Remember the song from Avenue Q that chirps that “Everyone’s a little bit racist”? That is the premise as well of Bruce Graham’s unsettling contemporary drama, White Guy on the Bus, now receiving a powerful area premiere at Coral Gables’ GableStage.
Expertly directed by Michael Leeds, who orchestrates a top-notch cast led by Tom Wahl – the eponymous “white guy” – the play bristles with intelligence as it explores the racial and economic divisions in society.
Wahl plays a financial numbers guy named Ray, adept at making “rich people richer,” content living in his suburban white bubble of privilege. But for reasons that will be left for theatergoers to discover, Ray begins taking an inner-city public bus and starts talking with Shatique (Rita Joe), an African-American woman studying to become a nurse. She is clearly dependent on the bus for transportation, while Ray’s presence on it remains puzzling until, in the course of their awkward conversation, he makes her a chilling business proposition.
But before he hops that bus, we see Ray at home with his ghetto school teacher wife Roz (Mia Matthews), entertaining a younger couple, Christopher (Ryan Didato) and Molly (Whitney Grace). Long his mentor, Ray encourages Chris to join him in the world of finance, instead of the academic track he is on which will likely lead to little monetary reward. And Roz needles Molly about her comfortable prep school teaching job where she tries to educate unmotivated affluent white kids.
Graham, who has been churning out clever, articulate plays for decades, usually about life in his hometown of Philadelphia, has honed in on one of his darkest subjects yet. In the era of Trump, particularly post-Charlottesville, White Guy on the Bus feels ripped from the headlines as well as timeless. In addition to juggling grim drama with a measure of humor, Graham adds to the tale’s effectiveness by giving it an anti-chronological structure. Note how Ray seems to be lying to Shatique about his personal life, until we learn of events that transpired before that exchange.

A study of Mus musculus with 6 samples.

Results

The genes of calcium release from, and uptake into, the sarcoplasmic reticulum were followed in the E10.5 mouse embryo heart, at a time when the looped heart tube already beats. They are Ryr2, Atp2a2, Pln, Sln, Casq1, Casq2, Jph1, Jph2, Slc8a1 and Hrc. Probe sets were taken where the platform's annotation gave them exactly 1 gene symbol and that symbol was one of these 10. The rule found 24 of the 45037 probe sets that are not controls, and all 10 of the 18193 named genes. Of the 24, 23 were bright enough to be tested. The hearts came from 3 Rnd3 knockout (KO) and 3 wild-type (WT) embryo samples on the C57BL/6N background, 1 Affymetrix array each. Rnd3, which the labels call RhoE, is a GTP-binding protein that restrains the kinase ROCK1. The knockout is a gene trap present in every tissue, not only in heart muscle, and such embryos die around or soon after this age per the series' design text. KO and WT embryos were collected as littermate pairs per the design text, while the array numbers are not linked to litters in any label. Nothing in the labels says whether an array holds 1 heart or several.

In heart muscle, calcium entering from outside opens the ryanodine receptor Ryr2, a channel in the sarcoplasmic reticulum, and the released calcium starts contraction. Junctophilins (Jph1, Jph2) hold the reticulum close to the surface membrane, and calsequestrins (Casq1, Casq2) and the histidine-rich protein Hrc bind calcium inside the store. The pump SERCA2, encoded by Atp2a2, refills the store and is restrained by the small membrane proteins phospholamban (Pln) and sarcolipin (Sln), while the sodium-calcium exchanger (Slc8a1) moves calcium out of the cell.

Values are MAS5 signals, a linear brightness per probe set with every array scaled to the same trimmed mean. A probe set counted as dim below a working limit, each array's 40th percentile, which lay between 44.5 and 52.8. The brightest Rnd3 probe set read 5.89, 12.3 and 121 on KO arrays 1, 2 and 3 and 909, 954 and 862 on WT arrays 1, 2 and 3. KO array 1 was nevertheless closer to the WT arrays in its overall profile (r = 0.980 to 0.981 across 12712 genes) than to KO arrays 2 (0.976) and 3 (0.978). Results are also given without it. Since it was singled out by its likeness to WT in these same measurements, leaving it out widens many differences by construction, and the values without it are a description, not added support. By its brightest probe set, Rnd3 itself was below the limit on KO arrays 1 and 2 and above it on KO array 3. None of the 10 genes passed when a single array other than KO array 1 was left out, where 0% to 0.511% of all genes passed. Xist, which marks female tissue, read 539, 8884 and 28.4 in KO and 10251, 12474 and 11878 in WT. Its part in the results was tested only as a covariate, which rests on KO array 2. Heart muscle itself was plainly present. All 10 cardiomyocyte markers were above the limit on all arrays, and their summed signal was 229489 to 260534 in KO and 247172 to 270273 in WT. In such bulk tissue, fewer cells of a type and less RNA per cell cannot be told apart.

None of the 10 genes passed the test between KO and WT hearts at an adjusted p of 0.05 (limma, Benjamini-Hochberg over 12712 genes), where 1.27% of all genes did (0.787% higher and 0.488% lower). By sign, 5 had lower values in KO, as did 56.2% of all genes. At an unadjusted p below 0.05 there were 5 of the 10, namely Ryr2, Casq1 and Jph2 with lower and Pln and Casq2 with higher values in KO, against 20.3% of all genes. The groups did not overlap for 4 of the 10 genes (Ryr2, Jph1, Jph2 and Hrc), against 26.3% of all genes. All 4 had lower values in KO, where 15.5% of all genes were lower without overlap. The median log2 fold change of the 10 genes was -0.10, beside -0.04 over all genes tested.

As Ray, Wahl is an easy-to-identify-with white guy, a buttoned-down executive who cares deeply for his wife and conveys a fatherly attitude towards Christopher, who was close to him growing up. But as the evening continues, we begin to see that Ray has a growing anger within him which has, yes, racial overtones.
Matthews’ character is a caring educator, but her frustration with getting through to her students is expressed in a darkly comic cynicism. Also impressive is Joe as the bone-weary Shatique, a woman shackled by her lack of education and the color of her skin. But she has undeniable street smarts, which she shoots back at Ray in their bus ride debates. Didato and Grace are fine as the young couple, but their characters are underdeveloped, more talking points than flesh-and-blood figures.
Still, White Guy on the Bus is exactly the kind of play that artistic director Joe Adler has built his theater’s reputation upon. It is smart, thought-provoking, likely to trigger heated discussions afterwards and bound to stick with you for a long time to come.
WHITE GUY ON THE BUS, GableStage at The Biltmore Hotel, 1200 Anastasia Ave., Coral Gables. Through Sunday, Sept. 9. $52-$57. 305-445-1119.